Trumping up the charges
"Three men have been found guilty of a massive terrorist conspiracy to murder involving home-made bombs." This is how the BBC leads its article on the recent conviction of three British Muslims for to murder persons unknown. Most other news outlets carried similar hype, with only a few providing a more balanced picture of the outcome of the trial. In truth, the headline should have read: "There never was a conspiracy to blow up airliners with liquid explosives." Whilst the government is gloating at having secured convictions of sorts, the fact is that it's whole story of a plot on account of which every traveller in Europe had to surrender drinks at airport check-ins and carry toiletries in a clear plastic bag has been exposed as fiction.
This does not come as a surprise, since to carry liquid explosives disguised as drinks onto an aircraft in order to blow it up is a chemical impossibility as it would require laboratory conditions at sub-zero temperatures on board. The government knew this all along and in the first days of introducing new airport security measures drinks were simply spilled into large containers, proving that they were not considered dangerous at all even when mixed. The aim had always been to scare the public in order to justify greater control over them; the then home secretary John Reid also wanted to score political points, albeit unsuccessful.
The men charged and convicted had been stupid enough to plan staging an action in which detonating explosives was threatened in order to stage a political protest. The fact is that they never made any explosives whatsoever. All of them pleaded guilty to causing a public nuisance. The three who were convicted of conspiracy to murder were not convicted on evidence but because they had also pleaded guilty to this charge. None of those eight men before the courts who had not pleaded guilty to conspiracy to murder were convicted of that charge. There is generally a lot of pressure put on defendants to plead guilty in order to receive a lesser sentence. In the case of terrorist suspects this pressure is often exacerbated by the very real threat of extradition to the United States and the prospect of death row. Faced with stark choices like this, the young suspects often give in.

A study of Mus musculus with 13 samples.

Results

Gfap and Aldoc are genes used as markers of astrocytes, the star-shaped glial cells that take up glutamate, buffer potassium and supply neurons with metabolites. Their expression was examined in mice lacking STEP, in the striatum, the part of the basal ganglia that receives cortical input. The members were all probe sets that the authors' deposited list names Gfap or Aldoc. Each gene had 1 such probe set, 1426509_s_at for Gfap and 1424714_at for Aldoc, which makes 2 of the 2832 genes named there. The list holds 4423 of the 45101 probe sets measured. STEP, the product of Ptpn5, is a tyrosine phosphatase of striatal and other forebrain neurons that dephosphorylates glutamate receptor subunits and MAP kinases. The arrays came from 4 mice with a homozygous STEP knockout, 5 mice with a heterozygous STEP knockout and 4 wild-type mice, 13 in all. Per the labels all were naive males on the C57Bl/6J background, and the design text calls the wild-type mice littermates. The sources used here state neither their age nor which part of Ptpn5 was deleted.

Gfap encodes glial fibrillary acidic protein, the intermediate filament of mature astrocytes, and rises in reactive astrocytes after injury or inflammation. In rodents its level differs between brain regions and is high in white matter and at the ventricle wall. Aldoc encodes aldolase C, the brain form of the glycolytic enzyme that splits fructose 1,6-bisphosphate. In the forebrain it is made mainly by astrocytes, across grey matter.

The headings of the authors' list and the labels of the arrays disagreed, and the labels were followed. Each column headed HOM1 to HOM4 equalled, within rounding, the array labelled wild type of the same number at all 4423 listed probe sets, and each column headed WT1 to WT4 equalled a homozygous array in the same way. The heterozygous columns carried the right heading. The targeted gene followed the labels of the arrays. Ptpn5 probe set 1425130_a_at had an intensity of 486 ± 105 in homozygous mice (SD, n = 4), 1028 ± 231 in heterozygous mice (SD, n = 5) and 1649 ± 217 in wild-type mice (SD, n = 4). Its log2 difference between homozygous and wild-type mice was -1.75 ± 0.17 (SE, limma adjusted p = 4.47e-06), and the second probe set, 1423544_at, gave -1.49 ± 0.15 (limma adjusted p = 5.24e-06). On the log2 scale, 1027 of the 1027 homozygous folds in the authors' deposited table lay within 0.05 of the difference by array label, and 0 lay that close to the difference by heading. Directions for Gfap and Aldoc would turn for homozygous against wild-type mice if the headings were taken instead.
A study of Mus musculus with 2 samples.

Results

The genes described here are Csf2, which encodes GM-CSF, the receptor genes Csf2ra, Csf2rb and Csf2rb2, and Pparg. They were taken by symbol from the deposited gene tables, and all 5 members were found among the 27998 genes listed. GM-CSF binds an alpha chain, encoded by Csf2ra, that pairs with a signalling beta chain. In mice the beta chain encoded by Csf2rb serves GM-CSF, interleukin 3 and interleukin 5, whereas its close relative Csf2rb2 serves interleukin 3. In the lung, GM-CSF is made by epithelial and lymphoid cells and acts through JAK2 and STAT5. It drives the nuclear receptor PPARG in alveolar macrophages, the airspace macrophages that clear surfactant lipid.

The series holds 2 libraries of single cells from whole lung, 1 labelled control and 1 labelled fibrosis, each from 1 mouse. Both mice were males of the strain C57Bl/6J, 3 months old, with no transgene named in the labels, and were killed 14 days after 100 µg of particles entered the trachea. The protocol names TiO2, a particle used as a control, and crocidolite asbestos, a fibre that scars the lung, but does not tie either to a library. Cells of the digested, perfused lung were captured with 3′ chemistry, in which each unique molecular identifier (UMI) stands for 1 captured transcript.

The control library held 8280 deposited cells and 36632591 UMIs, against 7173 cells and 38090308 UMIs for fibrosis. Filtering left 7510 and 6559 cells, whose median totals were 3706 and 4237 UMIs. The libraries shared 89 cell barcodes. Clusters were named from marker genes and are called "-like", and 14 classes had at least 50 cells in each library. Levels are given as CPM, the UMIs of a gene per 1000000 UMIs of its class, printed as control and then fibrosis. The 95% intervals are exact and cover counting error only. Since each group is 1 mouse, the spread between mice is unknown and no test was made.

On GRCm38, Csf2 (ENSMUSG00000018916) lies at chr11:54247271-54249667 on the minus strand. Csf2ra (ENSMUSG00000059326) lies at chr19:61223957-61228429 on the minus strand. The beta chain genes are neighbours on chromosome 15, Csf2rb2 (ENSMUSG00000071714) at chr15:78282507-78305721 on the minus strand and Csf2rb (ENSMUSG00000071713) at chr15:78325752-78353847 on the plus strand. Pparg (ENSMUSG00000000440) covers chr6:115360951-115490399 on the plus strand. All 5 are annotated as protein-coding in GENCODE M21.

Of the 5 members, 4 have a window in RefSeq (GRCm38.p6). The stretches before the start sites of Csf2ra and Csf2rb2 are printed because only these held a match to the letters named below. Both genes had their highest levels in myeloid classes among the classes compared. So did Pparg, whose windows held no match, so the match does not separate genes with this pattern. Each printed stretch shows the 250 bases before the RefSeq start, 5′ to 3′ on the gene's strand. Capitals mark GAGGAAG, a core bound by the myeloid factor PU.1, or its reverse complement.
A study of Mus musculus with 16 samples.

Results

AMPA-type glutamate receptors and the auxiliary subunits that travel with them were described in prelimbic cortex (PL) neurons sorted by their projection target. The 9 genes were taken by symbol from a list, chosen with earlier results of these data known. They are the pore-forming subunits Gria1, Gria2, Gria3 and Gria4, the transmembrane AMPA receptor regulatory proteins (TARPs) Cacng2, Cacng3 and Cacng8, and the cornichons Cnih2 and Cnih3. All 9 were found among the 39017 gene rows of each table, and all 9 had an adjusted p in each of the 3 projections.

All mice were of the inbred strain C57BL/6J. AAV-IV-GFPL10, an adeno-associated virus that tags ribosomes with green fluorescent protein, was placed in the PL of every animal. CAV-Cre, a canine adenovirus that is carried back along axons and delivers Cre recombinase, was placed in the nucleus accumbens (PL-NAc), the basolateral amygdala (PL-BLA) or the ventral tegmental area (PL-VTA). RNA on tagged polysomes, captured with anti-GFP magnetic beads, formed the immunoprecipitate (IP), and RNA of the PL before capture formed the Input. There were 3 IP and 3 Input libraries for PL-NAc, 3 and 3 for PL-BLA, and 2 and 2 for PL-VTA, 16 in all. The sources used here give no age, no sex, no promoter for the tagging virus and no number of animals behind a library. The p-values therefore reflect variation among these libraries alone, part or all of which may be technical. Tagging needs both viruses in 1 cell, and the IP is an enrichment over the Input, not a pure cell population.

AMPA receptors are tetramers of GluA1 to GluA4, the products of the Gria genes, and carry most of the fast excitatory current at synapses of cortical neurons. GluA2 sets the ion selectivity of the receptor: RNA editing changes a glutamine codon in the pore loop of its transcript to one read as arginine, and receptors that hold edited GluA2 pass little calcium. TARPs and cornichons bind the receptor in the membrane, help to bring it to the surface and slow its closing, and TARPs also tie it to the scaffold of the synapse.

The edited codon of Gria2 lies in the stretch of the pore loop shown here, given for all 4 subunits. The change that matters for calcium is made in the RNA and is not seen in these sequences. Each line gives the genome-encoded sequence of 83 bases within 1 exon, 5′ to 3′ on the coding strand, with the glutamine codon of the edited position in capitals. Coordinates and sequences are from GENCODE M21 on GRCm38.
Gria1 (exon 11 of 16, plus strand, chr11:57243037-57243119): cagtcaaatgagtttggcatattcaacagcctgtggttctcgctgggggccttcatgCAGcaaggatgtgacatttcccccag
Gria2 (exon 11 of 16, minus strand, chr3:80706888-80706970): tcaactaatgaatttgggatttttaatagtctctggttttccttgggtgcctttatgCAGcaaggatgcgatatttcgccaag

There is no doubt that the trials were politically motivated, and as such they are a major setback in not achieving their intended outcome. Not long ago a research student at Nottingham university was investigated and held in custody for possessing al-Qaedah material he had downloaded from a US government website. On the other hand, in the 1990's leftist bookshops were awash with books calling for a "class war" and the execution of judges and murder of police officers. Although these were brought to the attention of the police, these were never banned and charges against their authors, never mind anybody having bought or read them, were never brought. As usual, the UK justice system does not care so much what you do, but who you are.
The only decent thing to do for the government now would be to ease the grotesque security measures at airports and allow travellers to take their drinks on and personal toiletries on board without the unwarranted harassment.